Louisiana can represent the Morgan family and all the Southern soldiers.
During the spring of 1861 the new Confederacy established an army, organizing local militia, seizing federal weapons at Southern armories and issuing a call for troops. The first call established a 12-month term of service. Surely the War would be over by the spring of 1862.
Unknown Confederate soldier.
All the portraits on this page are of unknown sitters
from the Library of Congress
Diarist Sarah Morgan, who speaks for many Confederate women, changed from a careless girl to a heart-broken woman during the War. The contrast is evident in the evolution of her writing about her brothers. Her first enthusiastic accounts of George, Gibbes and Jimmy joining the Confederate troops reflected dreams of battlefield glory.
July 11th, 1862.
Sarah's hopes for her brothers' heroics soon became anxiety for their safety and vain prayers for their survival. In the last months of the War both Gibbes and George died within a week."A letter from George this morning! It was written on the 20th of June, and he speaks of being on crutches in consequence of his horse having fallen with him, and injured his knee. Perhaps, then, he was not in the first battle of the 25th? But bah! I know George too well to imagine he would keep quiet at such a moment, if he could possibly stand! I am sure he was there with the rest of the
regiment. The papers say 'the conduct of the First Louisiana is beyond all praise'; of course, George was there!" Louisiana
On the 30th of January  came [Gibbes's] last letter, addressed to me, though meant for [his wife]. It was dated the 12th — the day George died. All his letters pleaded that I would write more frequently — he loved to hear from me; so I had been writing to him every ten days. On the 3d of February I sent my last.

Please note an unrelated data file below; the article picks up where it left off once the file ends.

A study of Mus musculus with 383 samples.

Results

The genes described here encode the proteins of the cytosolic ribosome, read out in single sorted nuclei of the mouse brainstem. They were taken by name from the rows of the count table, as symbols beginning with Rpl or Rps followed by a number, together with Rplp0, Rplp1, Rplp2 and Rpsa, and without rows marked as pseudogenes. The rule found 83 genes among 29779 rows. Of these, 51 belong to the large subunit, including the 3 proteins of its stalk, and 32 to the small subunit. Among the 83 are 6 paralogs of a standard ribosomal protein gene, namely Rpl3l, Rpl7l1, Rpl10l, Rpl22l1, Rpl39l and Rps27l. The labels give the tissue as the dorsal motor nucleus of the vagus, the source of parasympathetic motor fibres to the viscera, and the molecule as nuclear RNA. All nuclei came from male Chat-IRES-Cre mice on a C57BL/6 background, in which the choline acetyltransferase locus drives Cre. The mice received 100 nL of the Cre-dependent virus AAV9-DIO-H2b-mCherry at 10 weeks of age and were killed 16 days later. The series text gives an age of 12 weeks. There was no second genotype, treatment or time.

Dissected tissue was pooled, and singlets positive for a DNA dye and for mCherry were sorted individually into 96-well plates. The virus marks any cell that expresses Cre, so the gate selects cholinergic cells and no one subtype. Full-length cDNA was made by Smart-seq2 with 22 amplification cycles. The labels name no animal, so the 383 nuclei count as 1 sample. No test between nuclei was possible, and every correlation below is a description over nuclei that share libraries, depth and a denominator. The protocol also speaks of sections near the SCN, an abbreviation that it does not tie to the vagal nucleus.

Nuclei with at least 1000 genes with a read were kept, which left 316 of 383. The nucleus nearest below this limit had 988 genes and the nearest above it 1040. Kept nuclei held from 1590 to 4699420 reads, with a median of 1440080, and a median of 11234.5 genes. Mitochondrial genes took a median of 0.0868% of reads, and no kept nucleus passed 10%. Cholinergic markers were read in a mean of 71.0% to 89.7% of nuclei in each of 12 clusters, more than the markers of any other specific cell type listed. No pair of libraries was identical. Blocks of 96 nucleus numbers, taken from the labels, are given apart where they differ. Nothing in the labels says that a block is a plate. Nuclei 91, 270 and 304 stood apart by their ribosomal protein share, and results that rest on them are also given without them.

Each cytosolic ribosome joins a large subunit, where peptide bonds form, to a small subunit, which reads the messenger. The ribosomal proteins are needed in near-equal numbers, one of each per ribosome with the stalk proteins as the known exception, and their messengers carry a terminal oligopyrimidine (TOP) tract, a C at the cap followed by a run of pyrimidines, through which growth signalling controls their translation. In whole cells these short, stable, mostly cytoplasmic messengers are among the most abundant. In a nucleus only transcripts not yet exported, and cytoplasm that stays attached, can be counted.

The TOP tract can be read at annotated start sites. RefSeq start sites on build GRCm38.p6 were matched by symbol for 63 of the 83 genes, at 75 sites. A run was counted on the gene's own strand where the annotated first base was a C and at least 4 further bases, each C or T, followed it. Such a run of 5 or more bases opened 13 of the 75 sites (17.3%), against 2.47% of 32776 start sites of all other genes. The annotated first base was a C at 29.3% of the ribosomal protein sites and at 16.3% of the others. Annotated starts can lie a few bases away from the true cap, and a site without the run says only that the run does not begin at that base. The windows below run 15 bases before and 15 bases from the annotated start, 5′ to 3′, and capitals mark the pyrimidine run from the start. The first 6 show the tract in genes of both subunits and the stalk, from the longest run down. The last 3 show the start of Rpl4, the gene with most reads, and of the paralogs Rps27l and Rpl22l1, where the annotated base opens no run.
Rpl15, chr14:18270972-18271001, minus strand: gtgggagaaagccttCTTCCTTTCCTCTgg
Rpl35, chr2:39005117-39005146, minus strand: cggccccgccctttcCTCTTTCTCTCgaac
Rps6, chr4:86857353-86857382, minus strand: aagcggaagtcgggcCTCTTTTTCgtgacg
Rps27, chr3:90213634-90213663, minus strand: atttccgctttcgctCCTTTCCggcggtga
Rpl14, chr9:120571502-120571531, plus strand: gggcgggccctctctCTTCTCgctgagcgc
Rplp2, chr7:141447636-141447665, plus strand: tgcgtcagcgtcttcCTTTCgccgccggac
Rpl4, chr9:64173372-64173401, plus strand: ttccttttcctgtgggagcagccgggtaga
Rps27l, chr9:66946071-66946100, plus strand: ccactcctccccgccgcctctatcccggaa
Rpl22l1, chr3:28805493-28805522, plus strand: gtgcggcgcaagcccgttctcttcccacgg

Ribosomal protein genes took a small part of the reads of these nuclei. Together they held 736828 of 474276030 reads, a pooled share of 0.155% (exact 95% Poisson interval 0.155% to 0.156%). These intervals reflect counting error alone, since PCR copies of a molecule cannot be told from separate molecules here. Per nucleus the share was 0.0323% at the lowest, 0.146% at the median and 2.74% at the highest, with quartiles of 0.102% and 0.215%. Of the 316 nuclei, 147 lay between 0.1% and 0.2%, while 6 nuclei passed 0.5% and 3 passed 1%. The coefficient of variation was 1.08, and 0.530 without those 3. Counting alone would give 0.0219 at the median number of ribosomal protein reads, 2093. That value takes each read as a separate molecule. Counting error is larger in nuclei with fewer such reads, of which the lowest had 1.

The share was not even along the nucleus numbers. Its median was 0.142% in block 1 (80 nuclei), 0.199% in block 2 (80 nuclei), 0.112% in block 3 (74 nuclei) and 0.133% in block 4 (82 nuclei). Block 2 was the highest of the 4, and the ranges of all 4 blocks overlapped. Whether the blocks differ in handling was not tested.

Friday the 5th… I saw [our eldest] Brother pass the door, and heard him ask for mother. The voice, the bowed head, the look of utter despair on his face, struck through me like a knife. 'Gibbes! Gibbes!' was my sole thought; but Miriam and I stood motionless looking at each other without a word. 'Gibbes is dead,' said mother as he stood before her. He did not speak…"
Sarah's diary speaks so eloquently of the family loss, but she, her sisters, sisters-in-law and mother were just a very few of the hundreds of thousands of women who lost soldiers during the Civil War.
Two percent of the population of the
United States died during the 4-year War.
The block Louisiana was first published in Hearth and Home magazine about a century ago when the magazine asked readers to mail in blocks named for their home states. The BlockBase # is 1335.
Cutting the 8" Finished Block
A - Cut 4 dark rectangles 4-1/2" x 2-1/2"
B- Cut 4 medium squares 2 -7/8" Cut each diagonally with one cut.
You need 8 triangles.
C - Cut 1 light square 5-1/4". Cut into 4 triangles with 2 cuts. You need 4 triangles.
The photographs of the Confederate soldiers are from Civil War Faces, a webpage from Flickr and the Library of Congress. The Liljenquist Family recently donated their rare collection of almost 700 ambrotype and tintype photographs to the Library of Congress in remembrance of the
Union and Confederate soldiers who served. Click here to see more portraits.
And see the post about block #3 Seven Sisters for information about Sarah Morgan and her Louisiana diary.